Q. My question is very simple. I am 55 years old. I have a government job from which I can retire and have about a $4,000 a month annuity. I also have a house payment of $1,600 (still owe 25 plus years), no other major debt. And I have saved $450,000 in a 401(k) account. Can I retire based on this scenario? —T.H., by email
A. With an income of $4,000 a month, some home equity and $450,000 in savings you can retire if you are willing to do what it takes to live on the given resources. Lots of people do it. And they do it without moving to Mexico, Thailand or Panama. It’s really a question of how much you want to stop working and what you are willing to do to achieve that goal.
But if you want to maintain your current lifestyle, shelter arrangements and medical insurance coverage, it’s probably too early for you to jump off the good ship Wage Slave. The reason is your age. At 55 you have a very good chance of living another 30 to 40 years. The resources you have are likely to look pretty limited.
Q. I turn 65 in December. My wife turns 61 in November. We are considering retirement. Here is our situation:
- No credit card debt. We pay off every month.
- No mortgage on a $675,000 home.
- Two late model cars that are paid off in full.
- We have $50,000 in our checking account.
- We have $20,000 in a Vanguard taxable account.
- Our combined estimated monthly Social Security benefit will be $5,000.
- Our combined monthly pension benefits will be $3000.
- Our total 401(k) balance is $3,000,000
Can we retire now and be financially secure that we will not run out of money? —R.W., by email
A. Of course you can retire! In fact, let’s put it another way: If you can’t, who could? But let me tell you why. Trust me, you aren’t the only person with lots of assets who can’t make the jump because they don’t know how much is enough.
The one figure missing from the facts you sent is your anticipated retirement spending. But we can squeeze it out of the information you sent. Here’s how. The biggest single expense for most Americans after retirement is the cost of shelter, their home. A recent report from EBRI, the Employee Benefit Research Institute, found that Americans age 60 to 64 devoted 42 percent of their spending to shelter. The proportion remains stable as people age, including for people 75 and over.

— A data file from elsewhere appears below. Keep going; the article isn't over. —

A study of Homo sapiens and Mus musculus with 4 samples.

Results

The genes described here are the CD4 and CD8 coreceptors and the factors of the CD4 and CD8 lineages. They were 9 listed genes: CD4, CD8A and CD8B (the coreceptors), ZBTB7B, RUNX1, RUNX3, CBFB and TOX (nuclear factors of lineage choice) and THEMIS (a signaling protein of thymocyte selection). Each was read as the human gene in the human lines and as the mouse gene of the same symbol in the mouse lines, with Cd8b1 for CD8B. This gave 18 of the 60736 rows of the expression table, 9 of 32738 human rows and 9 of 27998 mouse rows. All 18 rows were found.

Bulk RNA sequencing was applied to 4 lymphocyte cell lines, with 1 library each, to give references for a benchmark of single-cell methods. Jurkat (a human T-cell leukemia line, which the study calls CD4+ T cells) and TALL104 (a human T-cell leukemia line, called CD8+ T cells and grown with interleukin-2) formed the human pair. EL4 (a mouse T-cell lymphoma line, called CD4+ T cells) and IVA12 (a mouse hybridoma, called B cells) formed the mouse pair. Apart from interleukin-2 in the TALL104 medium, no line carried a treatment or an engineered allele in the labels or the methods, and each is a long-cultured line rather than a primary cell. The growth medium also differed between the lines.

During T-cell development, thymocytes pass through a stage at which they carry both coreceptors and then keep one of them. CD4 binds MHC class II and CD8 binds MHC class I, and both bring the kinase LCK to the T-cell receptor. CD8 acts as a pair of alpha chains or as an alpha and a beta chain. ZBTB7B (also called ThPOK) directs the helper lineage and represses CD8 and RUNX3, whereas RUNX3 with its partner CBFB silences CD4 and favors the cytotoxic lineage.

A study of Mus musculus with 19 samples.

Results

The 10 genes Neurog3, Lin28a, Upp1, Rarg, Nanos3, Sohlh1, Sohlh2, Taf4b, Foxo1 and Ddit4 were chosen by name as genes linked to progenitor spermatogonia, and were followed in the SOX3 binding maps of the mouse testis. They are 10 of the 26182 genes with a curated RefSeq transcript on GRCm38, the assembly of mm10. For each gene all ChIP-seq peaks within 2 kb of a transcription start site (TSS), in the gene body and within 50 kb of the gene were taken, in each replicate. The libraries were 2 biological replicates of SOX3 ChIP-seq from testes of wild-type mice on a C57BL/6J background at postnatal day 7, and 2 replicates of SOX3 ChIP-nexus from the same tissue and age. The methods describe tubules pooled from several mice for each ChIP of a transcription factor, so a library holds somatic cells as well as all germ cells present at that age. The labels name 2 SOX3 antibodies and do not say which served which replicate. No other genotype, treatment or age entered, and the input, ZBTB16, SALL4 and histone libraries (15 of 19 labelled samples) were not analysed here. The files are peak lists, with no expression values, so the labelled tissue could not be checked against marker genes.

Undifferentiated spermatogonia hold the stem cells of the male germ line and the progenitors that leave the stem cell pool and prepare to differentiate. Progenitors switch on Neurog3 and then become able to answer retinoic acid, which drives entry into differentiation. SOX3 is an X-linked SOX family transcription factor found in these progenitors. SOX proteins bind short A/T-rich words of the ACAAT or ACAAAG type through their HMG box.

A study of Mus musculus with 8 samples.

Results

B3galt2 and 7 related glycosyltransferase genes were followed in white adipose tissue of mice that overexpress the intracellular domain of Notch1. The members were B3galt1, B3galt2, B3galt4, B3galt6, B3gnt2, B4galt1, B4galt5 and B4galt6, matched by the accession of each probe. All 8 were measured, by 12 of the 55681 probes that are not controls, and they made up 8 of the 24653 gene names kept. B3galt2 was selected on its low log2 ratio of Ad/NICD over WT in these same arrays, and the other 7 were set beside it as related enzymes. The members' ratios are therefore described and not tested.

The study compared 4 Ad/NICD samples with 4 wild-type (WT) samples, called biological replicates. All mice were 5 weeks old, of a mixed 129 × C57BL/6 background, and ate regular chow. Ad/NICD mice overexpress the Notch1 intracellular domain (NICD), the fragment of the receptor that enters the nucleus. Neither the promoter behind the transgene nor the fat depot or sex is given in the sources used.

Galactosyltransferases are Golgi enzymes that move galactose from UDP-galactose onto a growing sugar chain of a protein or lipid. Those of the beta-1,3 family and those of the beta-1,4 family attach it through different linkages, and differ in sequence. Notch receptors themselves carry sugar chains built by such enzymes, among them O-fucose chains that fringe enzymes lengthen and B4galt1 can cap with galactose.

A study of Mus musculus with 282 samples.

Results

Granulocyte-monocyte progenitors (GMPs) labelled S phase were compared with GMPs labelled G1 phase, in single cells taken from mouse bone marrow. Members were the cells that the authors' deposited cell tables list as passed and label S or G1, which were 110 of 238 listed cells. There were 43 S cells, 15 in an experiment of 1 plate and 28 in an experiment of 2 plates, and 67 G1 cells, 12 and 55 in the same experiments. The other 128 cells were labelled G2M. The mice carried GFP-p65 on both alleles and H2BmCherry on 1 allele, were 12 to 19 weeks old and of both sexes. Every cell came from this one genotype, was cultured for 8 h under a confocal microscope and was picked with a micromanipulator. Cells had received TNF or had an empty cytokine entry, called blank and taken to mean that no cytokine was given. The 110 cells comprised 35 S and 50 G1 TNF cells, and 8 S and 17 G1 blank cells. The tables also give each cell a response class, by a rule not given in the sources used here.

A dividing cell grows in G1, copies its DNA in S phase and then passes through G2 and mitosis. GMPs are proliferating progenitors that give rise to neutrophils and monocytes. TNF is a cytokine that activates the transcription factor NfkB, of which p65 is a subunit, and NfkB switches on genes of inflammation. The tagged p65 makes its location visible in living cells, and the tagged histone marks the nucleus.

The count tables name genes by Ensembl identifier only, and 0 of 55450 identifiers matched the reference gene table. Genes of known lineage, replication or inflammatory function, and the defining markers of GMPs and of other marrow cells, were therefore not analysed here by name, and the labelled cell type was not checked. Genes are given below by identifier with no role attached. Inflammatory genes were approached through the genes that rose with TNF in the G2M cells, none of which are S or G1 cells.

How much it will cost to support a $650,000 house will vary greatly from state to state. In New Mexico, a state with an extremely low real estate tax, the cost would likely be less than 3 percent of market value. In Texas, where a high real estate tax functions as a substitute for an income tax, the cost would be about 5 percent. If we take the higher amount, you’d need about $32,500 a year to support your house. That implies total spending of nearly $80,000 if you accept the EBRI 42 percent shelter-spending figure. If you are more conservative and assume 25 percent of spending is on shelter, you’d need about $130,000, after Federal Income taxes.
So that establishes a range: $80,000 to $130,000 a year of after-federal income tax spending. This would require pre-tax income of about $90,000 to $170,000 a year.
Do you have it? Yes, in a walk.
You know you’ve got guaranteed income of $8,000 a month or $96,000 a year. So the low end of the range is covered by guaranteed income alone, leaving your $3 million 401(k) account to cover discretionary spending over that. At a very conservative 3 percent draw rate, you’d have an additional $90,000 a year (pretax), bringing your total income to $186,000. That’s more than the $170,000 top end of the range.
It’s important to note that the 3 percent draw rate from your 401(k) funds is less than the 3.65 percent rate you’ll be required to use in the first year of required minimum withdrawals, so these figures are genuinely conservative. In addition, your consumption spending is likely to decline as you age.
What could go wrong? Take your pick from a Menu of Worry that makes the menu at Denny’s look short and bleak. But considered against the human condition, you’ve got it made. So enjoy it. Think about others. Help others. The more you do, the deeper you will understand, and enjoy, what you have.
Scott Burns is the retired Chief Investment Officer of AssetBuilder, the creator of Couch Potato investing, and a personal finance columnist with decades of experience.